Children’s Commissioner: Accountability in Children’s Rights

The Canadian Coalition for the Rights of Children (CCRC) welcomes a renewed focus on the need for a national children’s commissioner, which re-started today with the introduction of a private member’s bill by MP Anne Minh-Thu Quach.  “The current lack of accountability for implementation of children’s rights across Canada is a major gap in good governance,“ said Kathy Vandergrift, Chairperson of the Coalition.  “The establishment of an independent office to monitor implementation and investigate complaints about violations of children’s rights would benefit all children in Canada.”

The need for stronger mechanisms to hold governments  accountable is clear after recent rulings by the Canadian Human Rights Tribunal in the matter of indigenous child welfare.  If the Convention was being implemented as it should be, the inequitable treatment of indigenous children would have been identified and addressed much earlier.  Canada ratified the Convention almost thirty years ago, but implementation has been very weak.

The CCRC points to the recent government report for the combined 5th/6th review of how Canada implements the Convention as further evidence of the need for a strong focal point for children’s rights in the federal government and independent monitoring of progress.  The report shows that federal and provincial governments in Canada ignored most recommendations for improving the basic systems that protect children’s rights, in spite of documented evidence about violations of children’s rights in the last five years.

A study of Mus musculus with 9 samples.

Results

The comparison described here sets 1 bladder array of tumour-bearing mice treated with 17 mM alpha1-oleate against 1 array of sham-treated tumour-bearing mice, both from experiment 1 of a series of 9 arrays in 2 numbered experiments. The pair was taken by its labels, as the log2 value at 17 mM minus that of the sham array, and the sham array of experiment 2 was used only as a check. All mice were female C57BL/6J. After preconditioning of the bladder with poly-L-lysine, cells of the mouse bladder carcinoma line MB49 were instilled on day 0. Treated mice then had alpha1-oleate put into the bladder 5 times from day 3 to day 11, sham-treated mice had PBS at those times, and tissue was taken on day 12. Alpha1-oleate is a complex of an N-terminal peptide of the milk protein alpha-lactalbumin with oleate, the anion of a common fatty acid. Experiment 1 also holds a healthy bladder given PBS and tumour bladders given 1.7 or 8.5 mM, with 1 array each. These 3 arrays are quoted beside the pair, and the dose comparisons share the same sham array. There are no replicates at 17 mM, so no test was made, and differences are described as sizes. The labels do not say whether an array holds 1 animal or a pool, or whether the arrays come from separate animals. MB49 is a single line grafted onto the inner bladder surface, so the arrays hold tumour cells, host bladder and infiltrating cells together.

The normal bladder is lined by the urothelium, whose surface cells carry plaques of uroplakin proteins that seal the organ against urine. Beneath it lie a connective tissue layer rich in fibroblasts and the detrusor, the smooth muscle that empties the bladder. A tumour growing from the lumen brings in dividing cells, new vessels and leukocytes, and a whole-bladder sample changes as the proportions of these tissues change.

An office that monitors implementation and investigates complaints is one of four systemic measures that the CCRC proposes to advance the rights of all children in Canada.  Others include consistent use of Child Rights Impact Assessments (CRIAs) for proposed legislation, senior level coordination between federal departments, and an effective federal/provincial/ territorial coordinating body.  At every level, nation-to-nation relationships with indigenous peoples need to be respected.

In a discussion paper on a systems approach to implementation, the CCRC analyzes the major obstacles for realizing children’s rights in Canada and the benefits for children of full implementation.  International comparisons show that children in countries that put these systems in place are doing better on major indicators of child well-being than children in Canada.